I would like to introduce a proposed method of rapidly surveying vegetation using iNaturalist and citizen science. Here is a quick rundown of the method:
Firstly, a number of sites within a given vegetation type is selected randomly (~20). In each of these sites, the first ten plants observed are recorded and a picture is taken. This generates a list of dominant species in the area, as well as a proxy for abundance (the number of times a species pops up in the ‘ten’ species of each site list.) The pictures of each plant can be uploaded to iNaturalist, with a site tag and GPS location, where it can be identified.
The assumed advantages of this simple method is that it takes far less time than conventional, quadrat/cover abundance estimation sampling, it also can be done by ‘parabotanists’, and it can be conducted across vastly different vegetation types. This may only give the very basic elements of a community but may be appropriate for vegetation mapping.
I would like to know what the forum thinks of this, how feasible could it be to sample in this manner, how appropriate would it be to use iNaturalist for this, and what possible drawbacks might occur.
Also, If anybody knows of a similiar method that has been used elsewhere, please let me know as well.
Not a botanist, but the only major issue I see with this is in the selection of the first 10 plants. I would guess that surveyors are going to be likely to choose bigger/more boldly colored plants that stand out than others rather than drab ones. Otherwise, this type of protocol would likely do a reasonable job of characterizing the most common plants in an area I would think.
I don’t see any problem with uploading observations like this to iNat. The usual caveats about making sure the observers are making good quality observations with all appropriate info and pictures of key characters that allow for most things to be IDed would apply, but as long as the observers follow the rules of iNat, post away!
Hi, thanks for the reply.
The issue you brought up was the first possible problem myself, and some other people thought of too. One thing I forgot to mention is that these sites will encompass as small as possible area, the sampler would preferably stay on the same spot while documenting these ten species. In many cases, this would force to the sampler to look beyond the first 4/5 charismatic species in the immediate area. I think an ideal cut-off distance for the sampler to move would be about 3m either way. In the few practice runs I have conducted I found myself needing to really look close and get on the ground to find the last three or four species.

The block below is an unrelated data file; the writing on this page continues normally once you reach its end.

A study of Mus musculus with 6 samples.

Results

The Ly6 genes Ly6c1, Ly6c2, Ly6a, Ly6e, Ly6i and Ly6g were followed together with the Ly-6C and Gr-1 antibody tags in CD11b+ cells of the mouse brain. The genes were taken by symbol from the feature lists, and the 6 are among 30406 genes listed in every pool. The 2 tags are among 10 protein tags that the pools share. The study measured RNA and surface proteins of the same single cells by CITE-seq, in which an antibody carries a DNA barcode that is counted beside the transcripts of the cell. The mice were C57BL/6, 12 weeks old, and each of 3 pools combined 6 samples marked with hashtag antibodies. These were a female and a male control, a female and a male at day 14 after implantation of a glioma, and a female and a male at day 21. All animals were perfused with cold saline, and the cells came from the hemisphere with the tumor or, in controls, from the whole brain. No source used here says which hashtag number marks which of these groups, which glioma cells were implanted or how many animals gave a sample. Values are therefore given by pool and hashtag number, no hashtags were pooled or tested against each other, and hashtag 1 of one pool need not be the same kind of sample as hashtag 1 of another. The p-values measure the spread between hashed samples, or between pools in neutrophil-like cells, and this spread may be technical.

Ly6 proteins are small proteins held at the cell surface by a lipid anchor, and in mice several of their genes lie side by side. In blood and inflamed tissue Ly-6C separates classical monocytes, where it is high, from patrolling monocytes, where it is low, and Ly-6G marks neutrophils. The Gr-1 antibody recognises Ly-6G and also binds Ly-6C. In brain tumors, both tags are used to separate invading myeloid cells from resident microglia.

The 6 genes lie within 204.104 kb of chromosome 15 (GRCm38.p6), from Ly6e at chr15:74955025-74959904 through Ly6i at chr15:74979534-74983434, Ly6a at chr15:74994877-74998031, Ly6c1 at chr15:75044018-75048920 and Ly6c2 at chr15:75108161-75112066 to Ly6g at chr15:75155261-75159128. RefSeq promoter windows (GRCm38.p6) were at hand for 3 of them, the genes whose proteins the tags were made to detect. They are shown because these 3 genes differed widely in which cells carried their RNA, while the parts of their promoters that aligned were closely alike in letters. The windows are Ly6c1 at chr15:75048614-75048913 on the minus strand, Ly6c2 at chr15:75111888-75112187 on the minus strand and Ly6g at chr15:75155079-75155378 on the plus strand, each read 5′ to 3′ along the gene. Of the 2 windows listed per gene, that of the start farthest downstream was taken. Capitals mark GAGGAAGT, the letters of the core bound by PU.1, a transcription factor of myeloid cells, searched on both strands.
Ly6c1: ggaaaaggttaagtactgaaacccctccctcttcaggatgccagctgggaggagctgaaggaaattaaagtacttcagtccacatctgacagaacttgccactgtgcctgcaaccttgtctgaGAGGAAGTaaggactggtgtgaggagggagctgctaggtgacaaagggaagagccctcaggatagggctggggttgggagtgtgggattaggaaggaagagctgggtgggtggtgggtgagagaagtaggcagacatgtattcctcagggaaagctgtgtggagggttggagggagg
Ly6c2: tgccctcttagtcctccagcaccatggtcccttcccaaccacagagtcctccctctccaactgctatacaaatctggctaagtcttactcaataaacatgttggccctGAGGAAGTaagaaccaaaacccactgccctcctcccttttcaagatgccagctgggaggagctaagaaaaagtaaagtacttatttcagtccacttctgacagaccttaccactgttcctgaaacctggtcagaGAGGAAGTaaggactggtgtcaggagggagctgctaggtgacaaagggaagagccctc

Of course, the bias may still arise even in this case, so another option would be to tackle this directly and offer a sort of training session to bring this problem up to potential samplers?
The area you need to look at to get a representative sample of species depends on the vegetation type, and within that on the sizes and distributions of individual species. Typically, to describe vegetation an ecologist would first subdivide by canopy layers – very simply for example: trees, shrubs, forbs/grasses, mosses/lichens. In a forest or woodland, you might record all the trees in the entire stand, then shrubs in smaller plots, then forbs etc. in even smaller plots. In a meadow, recording ALL the species in quasi-randomly placed 1 m square quadrats would give you +/- unbiased species frequencies (you’d have to count individuals to get actual abundance). It all depends on your purposes - just walking around and noting the visually dominant species can give you enough for a general vegetation classification if you’re not worried about fine details. If you can describe in more detail what you’d like to measure in your study, we can probably suggest specific methods.
The issue I see with it is a different one. The first ten plants seen are likely to be the ones nearest the entrance to the site. So unless the “site” chosen is a set of coordinates, that could bias the sample. And now I see that @abdullateefismail has addressed that point.
Another issue I see is in forest: the first ten plants encountered might be understory herbs and shrubs, before the observer gets to the first tree.
Hi, thanks for the reply.
The primary purpose of this method is to quickly ‘ground truth’ vegetation mapping. Here, the thinking is that an analysis of the ten species in each site of a given area will provide enough information to tell whether a particular location is within grassland or forest etc. It may also relay the vegetation type it occurs in (grassy fynbos vs montane grassland for example).
After doing some preliminary surveys, the problem with scale was really apparent. For communities composed of larger individuals, like forest, there will definitely be a need to increase the size of the ‘plot’. Thank you, I appreciate the feedback.